This material was first published by Redemptorist Publications
and is included here with their permission.
“Keep awake, for you know neither the day nor the hour” Matthew 25:13
Stephen was in plenty of time for his train – almost an hour early. So he settled down to wait with a paper and coffee. After a while there was an announcement that there had been signalling problems and the train’s departure would be delayed by approximately twenty minutes. With a sigh Stephen went back to his paper and the crossword.
He must have dozed off because he suddenly became aware of the announcement that his train would be leaving in five minutes. With a shock and a feeling of panic Stephen realised that he had not left himself time to buy a ticket. Calling himself all sorts of names for not having had the sense to buy a ticket first and then have coffee, he ran to the ticket offices, all of which had long queues snaking away from the windows. He had no change for the machines.
There was nothing he could do – even if he had the time he couldn’t get a ticket off anyone else – the only solution was to run and jump on the train and face the music when tickets were checked. He ran as fast as he could but the station was crowded and his bag was heavy. He got to the platform gates only to see the train disappear out of the station. Too late, he’d missed it – it had gone without him.
The parable Jesus tells about the bridesmaids is a wake up call to his followers to make sure they are always ready for his return.
Jewish weddings were carried out with joyful celebrations that could last for a week or more with no set time for the bridegroom to come to the bride’s home for the feast or take her to his home to have the feast there. Everyone needed to be ready for this exciting procession at any time.
In this story there is some sort of delay so the bridegroom is later than usual and all the bridesmaids who would escort the bridegroom into the feast fall asleep while they are waiting. The parable is not critical about this falling asleep but when the women are woken up by the arrival of the bridegroom we see the difference between the two groups – the foolish and the wise. The wise ones have equipped themselves with enough oil to keep their torches burning however long they had to wait. The other ones had not thought that far ahead and had only brought a small supply of oil. Here is the judgment of the parable. The five foolish women have left it too late to prepare and be ready for something they knew was going to happen at some time.
Keep awake, says Jesus, be ready because you don’t know when you’re going to be called upon to meet me – all you know is that you will be so called at some time.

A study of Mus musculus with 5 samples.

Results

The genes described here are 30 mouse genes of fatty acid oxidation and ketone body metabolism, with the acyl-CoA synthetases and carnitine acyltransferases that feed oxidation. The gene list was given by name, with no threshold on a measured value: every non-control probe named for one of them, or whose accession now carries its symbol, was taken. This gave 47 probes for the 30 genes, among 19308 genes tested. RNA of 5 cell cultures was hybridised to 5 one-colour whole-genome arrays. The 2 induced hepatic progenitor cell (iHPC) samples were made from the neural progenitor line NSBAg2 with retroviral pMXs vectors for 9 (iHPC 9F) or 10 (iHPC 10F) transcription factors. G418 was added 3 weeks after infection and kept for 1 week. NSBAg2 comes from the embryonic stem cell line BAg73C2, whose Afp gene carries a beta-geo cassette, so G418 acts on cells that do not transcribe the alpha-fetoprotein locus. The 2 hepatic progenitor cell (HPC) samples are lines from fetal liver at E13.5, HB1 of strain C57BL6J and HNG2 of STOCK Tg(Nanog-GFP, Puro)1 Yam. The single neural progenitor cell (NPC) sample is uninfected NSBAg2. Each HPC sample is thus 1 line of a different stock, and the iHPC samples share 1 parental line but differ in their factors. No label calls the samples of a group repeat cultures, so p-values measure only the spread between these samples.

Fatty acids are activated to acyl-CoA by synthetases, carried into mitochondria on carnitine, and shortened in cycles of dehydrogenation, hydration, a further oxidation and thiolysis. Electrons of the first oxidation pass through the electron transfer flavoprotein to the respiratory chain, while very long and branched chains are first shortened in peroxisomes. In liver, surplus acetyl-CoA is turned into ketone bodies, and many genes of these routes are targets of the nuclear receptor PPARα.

We don’t want to miss the train or be excluded from the party. Perhaps after two thousand years it’s hard to believe that the Son of Man may return at any moment but that is the message of today’s Gospel and we would place ourselves among the foolish if we fail to heed that message.
Being ready to catch a train is quite simple. You know what time it’s supposed to leave and you can buy a ticket in advance.
Being ready in the way Jesus means it though is not so simple. It’s unlikely that any of us feel that we’d be truly ready for his arrival – we don’t know what to expect, or when, and most of us are only too aware of our un-readiness, our failings and weaknesses.
What we can do, though, is to be always on the journey of preparation. We can always be looking for ways to grow spiritually and towards becoming the people God means us to be. We can always be learning more about God, about the message of Jesus and about living out that message in our daily lives.
Jesus encourages us to watch and wait, from this day on, until he comes and he urges us to see that in the end each of us has to be ready – it will not be enough to claim church membership or an important position like the bridesmaids at the wedding. What will matter will be where we are in our journey of faith as we come face to face with the one who calls us on that journey.
1. The parable of the wise and foolish bridesmaids tell us that Jesus, as the bridegroom, will return at some time.
2. We do not know when it is that he will return so we need to be ready at all times.
3. We cannot borrow other people’s faith but have to learn for ourselves what it means to watch, wait and prepare for our encounter with God in Jesus.
We bring our prayers for the church, the world and our communities to our wise and loving Father who is always ready to hear us and to act in and through our lives.
Heavenly Father we pray for ourselves and for all our brothers and sisters in Christ. Give us the wisdom and determination to keep ourselves faithful to the love you show to us in the life of Jesus, your son and our living Lord.
Heavenly Father, we pray for the nations of this world. Turn us away from the foolish roads we follow which lead only to conflict, injustice and oppression. Show us your ways of wisdom that we may learn to be at peace in a world governed by justice for all your children.
Heavenly Father we pray for all in our community who live and wait with distressing uncertainty. We pray for those who are unemployed and looking for work; for people who are homeless, living in poverty and waiting to find security and the means to buy food and clothes.
Heavenly Father, we pray for all we know who live and wait in the darkness of illness, pain and bereavement and for all who face the ending of their lives in this world. Be a comforting presence alongside them and give them the assurance of your love, strength and peace.
Father we commit into your hands those for whom we have prayed today. We ask that you will forgive our foolishness, bless us with wisdom and speak to us as we seek to know your will for our lives. We offer these prayers to you in the name of your son and our Saviour, Jesus Christ. Amen.